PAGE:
With gyms closed, more people are turning to at-home workouts and running outside to stay fit. Continuing to exercise is incredibly important to mental and physical health, however in a time when we need to be practicing social distancing, running outside can also present certain challenges. (Note: If you’re self-isolating or quarantining outdoor exercise is not allowed.)
Here, we spoke with two doctors about how to continue training and have fun while practicing optimal social distancing.
“For practicing social distance while running, staying at least six feet apart will keep with the CDC recommendations,” Roche says. Lately, experts are advising even double that distance to be extra cautious. As far as trail running is concerned, make sure trails are wide enough to pass people. If you opt for the trails, give lots of warning when passing so runners and hikers can also choose the passing berth they feel most comfortable with. Be aware of your surroundings. When choosing between trails and roads, consider the population: “If trails are congested or you are passing multiple people and are unable to give a wide berth, the roads might be a better option,” Roche adds. Parking lots are a pretty easy way to spread out given that fewer cars are on the road.
“And no hugs or high fives — my usual training partners are big on hugs and fist bumps, but we’re doing foot-fives now,” adds Dr. Jason Friedman, an emergency medicine physician, exercise physiologist, coach and ultrarunner.
“My recommendation is to avoid running with other people right now unless you are living with them or are already in frequent contact with them — solo running or running with one other person is a good way to go,” says Dr. Megan Roche, a decorated trail runner, longtime run coach and current PhD candidate in epidemiology at Stanford. “This is both for limiting your own exposure to COVID-19, but also out of respect for the running community and world at large since you can be asymptomatic or mildly symptomatic for COVID-19, which could cause spread. If you think about the different exposure networks that could form if we all ran interchangeably with a bunch of friends, it has the potential to be a vast point of spread. It’s just not worth it from a public health risk.”
“To me, the most important element after running would be washing hands for at least 20 seconds immediately after,” says Roche. “If you have the option to shower and change/wash clothes that would also be ideal.” (Friedman adds that he’s keeping a small bottle of sanitizer in his car to disinfect his hands as soon as his run is over.)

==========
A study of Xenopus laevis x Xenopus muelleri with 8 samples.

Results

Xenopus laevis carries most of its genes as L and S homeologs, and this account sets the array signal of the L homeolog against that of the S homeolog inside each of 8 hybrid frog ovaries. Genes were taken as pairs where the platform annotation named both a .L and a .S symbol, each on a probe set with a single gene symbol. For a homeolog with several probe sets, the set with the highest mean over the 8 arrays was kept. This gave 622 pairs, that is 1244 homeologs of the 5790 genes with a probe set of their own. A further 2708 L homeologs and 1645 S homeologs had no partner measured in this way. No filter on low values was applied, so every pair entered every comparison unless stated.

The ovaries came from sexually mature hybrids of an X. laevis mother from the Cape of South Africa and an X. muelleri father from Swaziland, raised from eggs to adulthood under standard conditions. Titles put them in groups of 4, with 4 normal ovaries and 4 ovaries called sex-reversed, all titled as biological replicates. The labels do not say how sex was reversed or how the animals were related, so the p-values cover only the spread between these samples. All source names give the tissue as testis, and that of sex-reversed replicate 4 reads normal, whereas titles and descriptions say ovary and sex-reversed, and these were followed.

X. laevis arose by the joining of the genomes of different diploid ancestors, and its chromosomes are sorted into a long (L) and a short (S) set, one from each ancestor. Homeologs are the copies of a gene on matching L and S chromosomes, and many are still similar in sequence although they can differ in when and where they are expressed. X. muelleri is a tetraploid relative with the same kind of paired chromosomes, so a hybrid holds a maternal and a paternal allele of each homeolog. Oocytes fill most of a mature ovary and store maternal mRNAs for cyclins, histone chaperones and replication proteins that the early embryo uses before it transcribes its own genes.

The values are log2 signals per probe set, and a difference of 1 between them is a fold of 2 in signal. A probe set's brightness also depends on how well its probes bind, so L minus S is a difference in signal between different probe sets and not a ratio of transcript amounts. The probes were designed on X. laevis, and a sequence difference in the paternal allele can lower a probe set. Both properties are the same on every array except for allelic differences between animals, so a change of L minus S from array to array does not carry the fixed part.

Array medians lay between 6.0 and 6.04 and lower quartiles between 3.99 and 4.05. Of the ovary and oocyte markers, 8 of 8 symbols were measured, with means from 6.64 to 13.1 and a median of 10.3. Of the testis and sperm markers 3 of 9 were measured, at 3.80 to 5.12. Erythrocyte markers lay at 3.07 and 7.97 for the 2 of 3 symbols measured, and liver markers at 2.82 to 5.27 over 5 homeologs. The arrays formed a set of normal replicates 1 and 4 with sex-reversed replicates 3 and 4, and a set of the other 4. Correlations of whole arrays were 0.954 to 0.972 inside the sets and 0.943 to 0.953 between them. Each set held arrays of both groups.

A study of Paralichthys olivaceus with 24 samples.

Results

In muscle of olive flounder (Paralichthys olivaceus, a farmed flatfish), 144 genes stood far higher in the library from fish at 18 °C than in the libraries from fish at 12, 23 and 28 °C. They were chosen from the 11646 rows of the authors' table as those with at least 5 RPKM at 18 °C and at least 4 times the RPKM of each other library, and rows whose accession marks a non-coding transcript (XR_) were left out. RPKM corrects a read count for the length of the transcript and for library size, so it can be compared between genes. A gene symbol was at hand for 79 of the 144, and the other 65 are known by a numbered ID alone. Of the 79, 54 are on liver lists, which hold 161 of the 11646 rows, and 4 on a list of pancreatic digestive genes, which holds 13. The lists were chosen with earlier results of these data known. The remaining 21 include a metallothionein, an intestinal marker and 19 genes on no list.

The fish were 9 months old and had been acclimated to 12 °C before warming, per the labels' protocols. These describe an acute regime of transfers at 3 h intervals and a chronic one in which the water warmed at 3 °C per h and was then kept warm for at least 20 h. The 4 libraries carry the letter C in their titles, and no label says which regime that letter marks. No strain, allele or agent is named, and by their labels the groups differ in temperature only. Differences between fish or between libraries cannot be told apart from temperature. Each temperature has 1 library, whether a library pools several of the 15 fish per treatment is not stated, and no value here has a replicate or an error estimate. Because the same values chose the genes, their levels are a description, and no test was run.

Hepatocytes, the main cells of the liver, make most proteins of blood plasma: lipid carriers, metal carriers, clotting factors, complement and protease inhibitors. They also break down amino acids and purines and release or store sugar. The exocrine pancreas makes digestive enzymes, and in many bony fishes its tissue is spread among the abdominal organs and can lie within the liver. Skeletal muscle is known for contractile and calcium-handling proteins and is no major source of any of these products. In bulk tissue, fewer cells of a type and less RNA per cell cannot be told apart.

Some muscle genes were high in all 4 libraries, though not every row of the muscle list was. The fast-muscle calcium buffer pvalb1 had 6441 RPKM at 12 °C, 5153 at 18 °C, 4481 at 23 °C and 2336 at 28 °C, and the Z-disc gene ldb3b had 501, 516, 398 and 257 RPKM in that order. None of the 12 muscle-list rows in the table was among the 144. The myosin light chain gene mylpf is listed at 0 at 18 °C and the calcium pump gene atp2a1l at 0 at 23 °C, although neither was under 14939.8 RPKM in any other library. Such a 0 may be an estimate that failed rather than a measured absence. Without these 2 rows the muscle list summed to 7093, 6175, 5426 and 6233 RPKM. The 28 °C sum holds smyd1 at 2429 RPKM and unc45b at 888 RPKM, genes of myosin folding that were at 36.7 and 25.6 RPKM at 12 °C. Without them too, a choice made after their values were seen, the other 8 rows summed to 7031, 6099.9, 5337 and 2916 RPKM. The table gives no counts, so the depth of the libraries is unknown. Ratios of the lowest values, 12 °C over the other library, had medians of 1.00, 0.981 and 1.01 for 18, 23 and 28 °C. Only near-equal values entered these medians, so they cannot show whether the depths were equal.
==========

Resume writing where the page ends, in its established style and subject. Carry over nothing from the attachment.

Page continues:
It might be time to wear a buff for easier face-shielding and nose-wiping — Roche explains that this won’t protect you from the virus, but it may help you avoid touching your face as often. “While running, I would suggest avoiding touching your face as much as possible and snot rocketing,” Roche says. “After running would be a good time to blow your nose with a tissue and wash your hands immediately after.”
Planning on tackling that super steep technical trail or heading out into the backcountry for a long run? Think again: Try to minimize your accident risk as much as possible. “When planning adventures, it’s also important to think about minimizing risk of accidents or injuries that could divert medical services away from COVID-19 relief,” says Roche. “Athletes should take caution with activities such as high alpine adventures, backcountry skiing, rock climbing or mountain biking depending on their skill and comfort level. We need to prioritize efficiency with our medical resources.”
In addition to the obvious ‘you shouldn’t run when you’re sick’ element of this, you also run the risk of infecting people you come in contact with, or if you don’t have COVID-19, you’ll freak a lot of people out. “If you are coughing and snotting a lot you probably shouldn’t be running with other people right now anyway,” Friedman says. Just stay home.
Self Isolating or Quarantined? Stay Inside
“Especially if you’re quarantined for a known positive test or a close contact with a known positive, I’d think long and hard about leaving the house, even solo,” says Friedman. “Learn to love your treadmill. If you don’t have one, focus on strength work and core work for a couple of weeks. You might lose a little fitness, but there’s nothing really to train for right now anyway.”
Since the rules and regulations are rapidly changing, it’s always a good idea to check a reliable source such as the CDC website to see what the rules are where you live.